The Great Tulsa Pearl District Form-Based Code Controversy

A blog about business and economics.
Sept. 28 2012 12:11 PM

The Great Tulsa Pearl District Form-Based Code Controversy

I'm in Tulsa, Okla., today after doing a speaking event last night and have been fascinated to learn that there's a big ongoing zoning controversy here in the "Pearl District" neighborhood east of downtown. The word that gets thrown around a lot locally is that it's all about the adoption of a "form-based zoning code" although the real issue seems to be less the principle of form-based vs. Euclidian zoning than the actual content.

But the basic idea is that the form-based code would allow for more mixed-use structures and denser building, but would prohibit strip mall-style construction where buildings are fronted by parking lots. Instead you'd have to tuck parking behind the structure in a more urban style. This has prompted the outbreak of two warring local business groups. One, the Pearl District Association favors the new code while the Pearl District Business and Property Owners Association is on the other side.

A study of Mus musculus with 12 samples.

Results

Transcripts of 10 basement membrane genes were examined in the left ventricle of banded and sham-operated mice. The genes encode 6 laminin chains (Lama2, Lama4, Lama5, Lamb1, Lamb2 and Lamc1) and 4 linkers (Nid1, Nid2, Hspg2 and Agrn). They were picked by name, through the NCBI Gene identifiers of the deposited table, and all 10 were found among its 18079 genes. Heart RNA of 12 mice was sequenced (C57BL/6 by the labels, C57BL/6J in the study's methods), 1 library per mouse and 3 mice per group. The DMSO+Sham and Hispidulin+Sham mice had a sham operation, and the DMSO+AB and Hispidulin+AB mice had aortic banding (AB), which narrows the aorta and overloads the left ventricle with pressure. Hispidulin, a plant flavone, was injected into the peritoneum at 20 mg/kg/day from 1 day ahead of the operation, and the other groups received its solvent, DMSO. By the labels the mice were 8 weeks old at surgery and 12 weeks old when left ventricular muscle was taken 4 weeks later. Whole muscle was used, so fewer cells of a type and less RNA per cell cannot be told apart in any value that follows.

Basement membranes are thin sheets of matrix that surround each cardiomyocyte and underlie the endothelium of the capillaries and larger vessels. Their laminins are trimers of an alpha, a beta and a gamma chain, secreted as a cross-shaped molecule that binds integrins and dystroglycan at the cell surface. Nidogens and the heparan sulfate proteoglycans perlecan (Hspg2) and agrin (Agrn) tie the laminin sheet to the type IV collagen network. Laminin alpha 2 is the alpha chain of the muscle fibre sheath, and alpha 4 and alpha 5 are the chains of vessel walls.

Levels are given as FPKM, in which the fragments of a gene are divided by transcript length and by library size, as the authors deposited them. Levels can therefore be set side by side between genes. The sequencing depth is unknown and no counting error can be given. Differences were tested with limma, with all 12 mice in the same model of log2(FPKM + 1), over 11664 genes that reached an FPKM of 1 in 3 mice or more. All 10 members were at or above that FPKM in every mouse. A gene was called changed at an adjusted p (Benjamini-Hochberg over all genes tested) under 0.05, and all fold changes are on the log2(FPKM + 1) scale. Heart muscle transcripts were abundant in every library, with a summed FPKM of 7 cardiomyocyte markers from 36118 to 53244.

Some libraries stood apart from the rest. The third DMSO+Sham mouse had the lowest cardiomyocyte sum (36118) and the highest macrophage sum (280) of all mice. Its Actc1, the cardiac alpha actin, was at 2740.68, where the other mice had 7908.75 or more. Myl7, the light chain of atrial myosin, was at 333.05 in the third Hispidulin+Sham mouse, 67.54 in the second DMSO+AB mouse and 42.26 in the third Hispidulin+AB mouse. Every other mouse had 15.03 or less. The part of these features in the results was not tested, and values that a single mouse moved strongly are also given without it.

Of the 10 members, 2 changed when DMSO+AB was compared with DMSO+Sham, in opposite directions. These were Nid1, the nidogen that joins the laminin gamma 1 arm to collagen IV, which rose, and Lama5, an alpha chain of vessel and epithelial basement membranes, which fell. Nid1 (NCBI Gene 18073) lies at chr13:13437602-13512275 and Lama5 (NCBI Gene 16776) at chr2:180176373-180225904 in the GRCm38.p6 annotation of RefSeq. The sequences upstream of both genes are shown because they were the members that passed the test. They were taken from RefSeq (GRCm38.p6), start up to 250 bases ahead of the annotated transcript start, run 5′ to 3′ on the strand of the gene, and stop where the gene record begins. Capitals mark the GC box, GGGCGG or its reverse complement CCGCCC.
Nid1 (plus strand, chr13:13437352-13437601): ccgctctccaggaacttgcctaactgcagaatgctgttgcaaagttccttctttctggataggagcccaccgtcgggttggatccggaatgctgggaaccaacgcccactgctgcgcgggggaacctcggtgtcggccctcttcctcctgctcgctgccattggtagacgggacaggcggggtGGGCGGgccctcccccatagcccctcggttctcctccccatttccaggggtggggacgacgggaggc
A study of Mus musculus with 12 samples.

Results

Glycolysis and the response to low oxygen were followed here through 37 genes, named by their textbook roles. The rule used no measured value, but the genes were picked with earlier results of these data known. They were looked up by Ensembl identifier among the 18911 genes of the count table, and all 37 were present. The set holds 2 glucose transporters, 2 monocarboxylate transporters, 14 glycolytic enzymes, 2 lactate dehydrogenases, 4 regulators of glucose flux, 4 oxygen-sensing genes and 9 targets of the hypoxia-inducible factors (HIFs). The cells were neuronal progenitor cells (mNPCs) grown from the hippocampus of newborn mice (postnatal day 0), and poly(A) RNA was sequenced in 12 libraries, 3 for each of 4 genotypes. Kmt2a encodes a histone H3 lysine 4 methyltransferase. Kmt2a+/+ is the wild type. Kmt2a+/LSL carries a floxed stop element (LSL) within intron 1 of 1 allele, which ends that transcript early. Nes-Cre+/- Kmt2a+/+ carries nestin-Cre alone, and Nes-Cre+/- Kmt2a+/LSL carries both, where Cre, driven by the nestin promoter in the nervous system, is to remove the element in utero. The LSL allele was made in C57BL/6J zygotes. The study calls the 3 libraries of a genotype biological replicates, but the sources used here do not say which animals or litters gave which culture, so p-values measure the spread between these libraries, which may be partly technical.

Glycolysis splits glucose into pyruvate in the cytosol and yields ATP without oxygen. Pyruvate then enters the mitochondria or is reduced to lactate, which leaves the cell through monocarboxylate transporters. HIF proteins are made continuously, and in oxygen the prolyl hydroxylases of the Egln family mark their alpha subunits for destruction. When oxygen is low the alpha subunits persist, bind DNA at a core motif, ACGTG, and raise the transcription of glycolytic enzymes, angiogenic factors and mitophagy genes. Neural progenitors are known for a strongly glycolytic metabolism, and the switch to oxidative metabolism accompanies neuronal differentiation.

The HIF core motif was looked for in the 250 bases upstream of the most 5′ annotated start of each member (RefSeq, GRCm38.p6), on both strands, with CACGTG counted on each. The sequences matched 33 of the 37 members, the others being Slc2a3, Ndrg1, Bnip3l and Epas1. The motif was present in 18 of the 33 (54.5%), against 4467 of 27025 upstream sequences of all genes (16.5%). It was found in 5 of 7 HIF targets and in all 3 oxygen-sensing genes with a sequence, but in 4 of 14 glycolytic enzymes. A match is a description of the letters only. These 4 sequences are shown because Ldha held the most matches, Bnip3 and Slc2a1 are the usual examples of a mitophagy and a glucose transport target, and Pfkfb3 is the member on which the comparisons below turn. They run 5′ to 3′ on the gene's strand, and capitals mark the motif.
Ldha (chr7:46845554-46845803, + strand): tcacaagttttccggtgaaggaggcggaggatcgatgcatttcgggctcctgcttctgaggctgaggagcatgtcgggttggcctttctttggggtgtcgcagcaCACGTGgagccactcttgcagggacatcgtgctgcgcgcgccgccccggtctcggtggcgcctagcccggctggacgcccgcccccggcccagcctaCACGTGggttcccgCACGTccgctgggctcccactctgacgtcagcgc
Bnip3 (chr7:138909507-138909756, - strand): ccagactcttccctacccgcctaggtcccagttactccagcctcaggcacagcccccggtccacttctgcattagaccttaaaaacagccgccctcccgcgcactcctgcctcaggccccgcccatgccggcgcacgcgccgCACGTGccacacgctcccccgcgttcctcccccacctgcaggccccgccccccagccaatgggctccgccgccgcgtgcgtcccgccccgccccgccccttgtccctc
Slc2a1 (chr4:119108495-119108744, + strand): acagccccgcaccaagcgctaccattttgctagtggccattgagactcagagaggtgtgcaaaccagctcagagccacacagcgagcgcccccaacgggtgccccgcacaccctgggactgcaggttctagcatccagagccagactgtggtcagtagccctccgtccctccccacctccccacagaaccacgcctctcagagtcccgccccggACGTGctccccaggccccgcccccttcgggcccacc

The right choice would be to recognize that it's not actually necessary to choose. We can allow for more urban-style construction without banning suburban-style construction. The right choice is for land owners to have the flexibility to do whatever they think will be most successful, without assuming that we need to mandate either an urban or suburban form. Over time, we'll just see whether extensive parking or multi-story structures is the best use of the space.

Matthew Yglesias is the executive editor of Vox and author of The Rent Is Too Damn High.